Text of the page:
For D.C. voting rights, window appears closed

By Ben Pershing
Sunday, November 28, 2010

Advocates for giving the District full voting rights in the House brimmed with confidence four years ago as the Democratic takeover of Congress seemed to move their long-standing goal closer to reality.

Two years later, when President Obama was elected, that confidence turned to near-certainty. "I really can't think of a scenario by which we could fail," Del. Eleanor Holmes Norton (D-D.C.) said in November 2008.

Yet fail they did. House leaders decided this year to pull a voting rights bill from the floor rather than have it coupled with a measure to weaken the District's gun laws.

Now, with Republicans set to take over the House in January, the window to move a voting rights bill appears to have closed, and glum supporters are wondering what - if anything - to do next.

"I think the best shot we had at voting rights was probably last year," said House Majority Leader Steny H. Hoyer (D-Md.), who will serve as minority whip in the next Congress.

"The Republican Party . . . has fought this tooth and nail," Hoyer said. "I don't think that there's much shot that they'll do it this time."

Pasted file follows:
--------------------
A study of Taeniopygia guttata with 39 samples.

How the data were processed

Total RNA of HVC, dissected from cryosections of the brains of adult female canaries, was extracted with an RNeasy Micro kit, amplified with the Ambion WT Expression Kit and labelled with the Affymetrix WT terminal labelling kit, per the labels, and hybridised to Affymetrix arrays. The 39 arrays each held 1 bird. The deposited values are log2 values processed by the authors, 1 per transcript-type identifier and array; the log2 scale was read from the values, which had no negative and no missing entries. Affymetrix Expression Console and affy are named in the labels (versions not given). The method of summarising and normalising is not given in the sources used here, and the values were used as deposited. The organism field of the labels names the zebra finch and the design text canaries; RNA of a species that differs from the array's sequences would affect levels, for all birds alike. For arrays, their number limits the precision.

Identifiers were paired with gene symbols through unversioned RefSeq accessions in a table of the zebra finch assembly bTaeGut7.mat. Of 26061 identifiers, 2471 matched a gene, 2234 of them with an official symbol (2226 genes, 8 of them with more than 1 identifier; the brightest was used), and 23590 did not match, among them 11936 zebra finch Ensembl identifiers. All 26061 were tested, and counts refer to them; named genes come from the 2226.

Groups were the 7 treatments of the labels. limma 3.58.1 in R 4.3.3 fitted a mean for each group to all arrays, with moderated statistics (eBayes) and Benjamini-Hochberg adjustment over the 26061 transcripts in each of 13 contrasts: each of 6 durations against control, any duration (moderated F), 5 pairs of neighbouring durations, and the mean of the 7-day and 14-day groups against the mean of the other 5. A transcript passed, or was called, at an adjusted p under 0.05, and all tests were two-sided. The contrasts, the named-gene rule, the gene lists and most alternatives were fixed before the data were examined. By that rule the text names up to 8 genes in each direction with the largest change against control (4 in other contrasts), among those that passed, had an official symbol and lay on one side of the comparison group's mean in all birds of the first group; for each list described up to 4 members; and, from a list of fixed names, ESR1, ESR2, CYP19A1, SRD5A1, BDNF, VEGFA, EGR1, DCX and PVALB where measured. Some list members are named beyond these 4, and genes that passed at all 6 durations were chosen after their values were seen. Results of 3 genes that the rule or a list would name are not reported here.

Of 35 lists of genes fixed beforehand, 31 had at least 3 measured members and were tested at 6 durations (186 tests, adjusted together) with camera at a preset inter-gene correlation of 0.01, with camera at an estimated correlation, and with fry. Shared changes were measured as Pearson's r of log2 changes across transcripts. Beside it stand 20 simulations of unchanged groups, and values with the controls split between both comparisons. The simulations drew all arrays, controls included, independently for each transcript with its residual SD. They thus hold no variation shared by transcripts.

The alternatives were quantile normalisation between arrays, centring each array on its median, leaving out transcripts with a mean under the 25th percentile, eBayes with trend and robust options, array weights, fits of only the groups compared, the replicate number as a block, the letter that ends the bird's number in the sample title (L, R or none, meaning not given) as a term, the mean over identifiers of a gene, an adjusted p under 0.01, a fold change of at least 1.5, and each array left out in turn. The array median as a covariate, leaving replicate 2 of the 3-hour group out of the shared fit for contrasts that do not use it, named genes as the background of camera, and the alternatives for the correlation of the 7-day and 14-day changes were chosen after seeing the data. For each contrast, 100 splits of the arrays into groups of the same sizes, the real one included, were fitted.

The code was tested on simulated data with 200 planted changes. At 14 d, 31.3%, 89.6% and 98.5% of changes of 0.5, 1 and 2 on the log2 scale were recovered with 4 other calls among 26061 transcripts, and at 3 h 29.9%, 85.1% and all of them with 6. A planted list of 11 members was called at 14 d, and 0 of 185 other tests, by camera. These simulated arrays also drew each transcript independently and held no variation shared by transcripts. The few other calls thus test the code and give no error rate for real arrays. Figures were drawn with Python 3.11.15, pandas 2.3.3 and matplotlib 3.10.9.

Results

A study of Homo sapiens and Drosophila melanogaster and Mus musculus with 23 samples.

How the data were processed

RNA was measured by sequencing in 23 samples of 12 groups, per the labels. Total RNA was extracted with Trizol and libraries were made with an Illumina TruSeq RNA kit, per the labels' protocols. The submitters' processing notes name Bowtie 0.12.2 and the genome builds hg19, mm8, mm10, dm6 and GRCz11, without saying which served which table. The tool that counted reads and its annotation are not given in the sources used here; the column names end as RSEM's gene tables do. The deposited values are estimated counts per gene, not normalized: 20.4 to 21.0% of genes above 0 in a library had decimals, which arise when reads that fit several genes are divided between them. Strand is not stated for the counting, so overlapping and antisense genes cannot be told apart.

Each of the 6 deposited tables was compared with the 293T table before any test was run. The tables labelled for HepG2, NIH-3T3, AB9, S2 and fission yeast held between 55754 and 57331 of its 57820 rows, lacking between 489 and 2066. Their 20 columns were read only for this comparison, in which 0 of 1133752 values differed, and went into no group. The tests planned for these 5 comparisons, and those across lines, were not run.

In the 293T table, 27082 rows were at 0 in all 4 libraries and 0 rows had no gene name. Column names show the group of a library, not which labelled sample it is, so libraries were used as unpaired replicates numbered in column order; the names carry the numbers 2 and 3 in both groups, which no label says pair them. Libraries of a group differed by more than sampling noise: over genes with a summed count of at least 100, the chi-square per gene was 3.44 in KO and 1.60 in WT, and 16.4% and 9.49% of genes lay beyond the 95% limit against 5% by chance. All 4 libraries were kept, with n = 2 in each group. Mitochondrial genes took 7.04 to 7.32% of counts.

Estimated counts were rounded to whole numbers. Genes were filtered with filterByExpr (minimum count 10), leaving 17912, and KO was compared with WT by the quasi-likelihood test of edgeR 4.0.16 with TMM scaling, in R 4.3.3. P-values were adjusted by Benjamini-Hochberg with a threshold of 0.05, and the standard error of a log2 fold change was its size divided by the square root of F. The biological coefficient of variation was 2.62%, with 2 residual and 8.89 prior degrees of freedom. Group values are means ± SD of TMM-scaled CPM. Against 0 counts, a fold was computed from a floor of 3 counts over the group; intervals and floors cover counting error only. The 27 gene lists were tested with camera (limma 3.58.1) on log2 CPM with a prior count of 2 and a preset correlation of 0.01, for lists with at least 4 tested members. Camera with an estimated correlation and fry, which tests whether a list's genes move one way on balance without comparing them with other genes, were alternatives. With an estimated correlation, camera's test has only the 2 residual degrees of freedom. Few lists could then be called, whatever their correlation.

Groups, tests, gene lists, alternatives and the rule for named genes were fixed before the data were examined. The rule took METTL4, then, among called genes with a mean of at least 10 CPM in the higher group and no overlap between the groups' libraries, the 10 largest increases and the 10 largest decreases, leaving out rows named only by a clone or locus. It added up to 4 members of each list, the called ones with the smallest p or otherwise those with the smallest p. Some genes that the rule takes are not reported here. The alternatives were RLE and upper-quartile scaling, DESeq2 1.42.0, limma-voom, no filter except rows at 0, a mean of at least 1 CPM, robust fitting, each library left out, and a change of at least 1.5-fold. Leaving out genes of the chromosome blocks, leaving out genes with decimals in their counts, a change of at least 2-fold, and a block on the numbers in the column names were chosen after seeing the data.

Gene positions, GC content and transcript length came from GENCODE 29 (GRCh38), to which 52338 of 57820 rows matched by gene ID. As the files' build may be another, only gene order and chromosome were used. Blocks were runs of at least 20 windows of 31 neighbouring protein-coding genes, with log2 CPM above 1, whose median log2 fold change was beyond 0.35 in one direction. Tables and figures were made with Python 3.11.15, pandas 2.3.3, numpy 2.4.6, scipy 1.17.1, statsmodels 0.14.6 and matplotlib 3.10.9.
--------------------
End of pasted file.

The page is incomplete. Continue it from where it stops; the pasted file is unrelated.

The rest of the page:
Former representative Tom Davis (Va.), who was the lead Republican supporter of voting rights until he retired in 2008, put the chance of passage in the next Congress at "zero."

"If the Democratic Congress can't do it, you're not going to get a Republican Congress to do it," Davis said, complaining that Democrats missed their best chance this year.

Norton, who has lobbied for a House vote for two decades, said that "we should have been able to get this bill through" in this Congress. But she declined to be as pessimistic about the future as Hoyer and Davis. She said she hesitated to make any predictions about the new majority's intentions.

"We're trying not to indicate what they're going to do before we have the opportunity to introduce the new mayor to their people," she said.

Republicans won't sort out their committee assignments until December, so it's unclear which lawmakers will have jurisdiction over the District. For now, Norton said she is most interested in arranging a meeting with House Minority Leader John A. Boehner (R-Ohio), the incoming speaker, and D.C. Mayor-elect Vincent C. Gray (D).

Boehner has opposed D.C. voting rights in the House, and the math on the GOP side of the aisle does not bode well for the cause.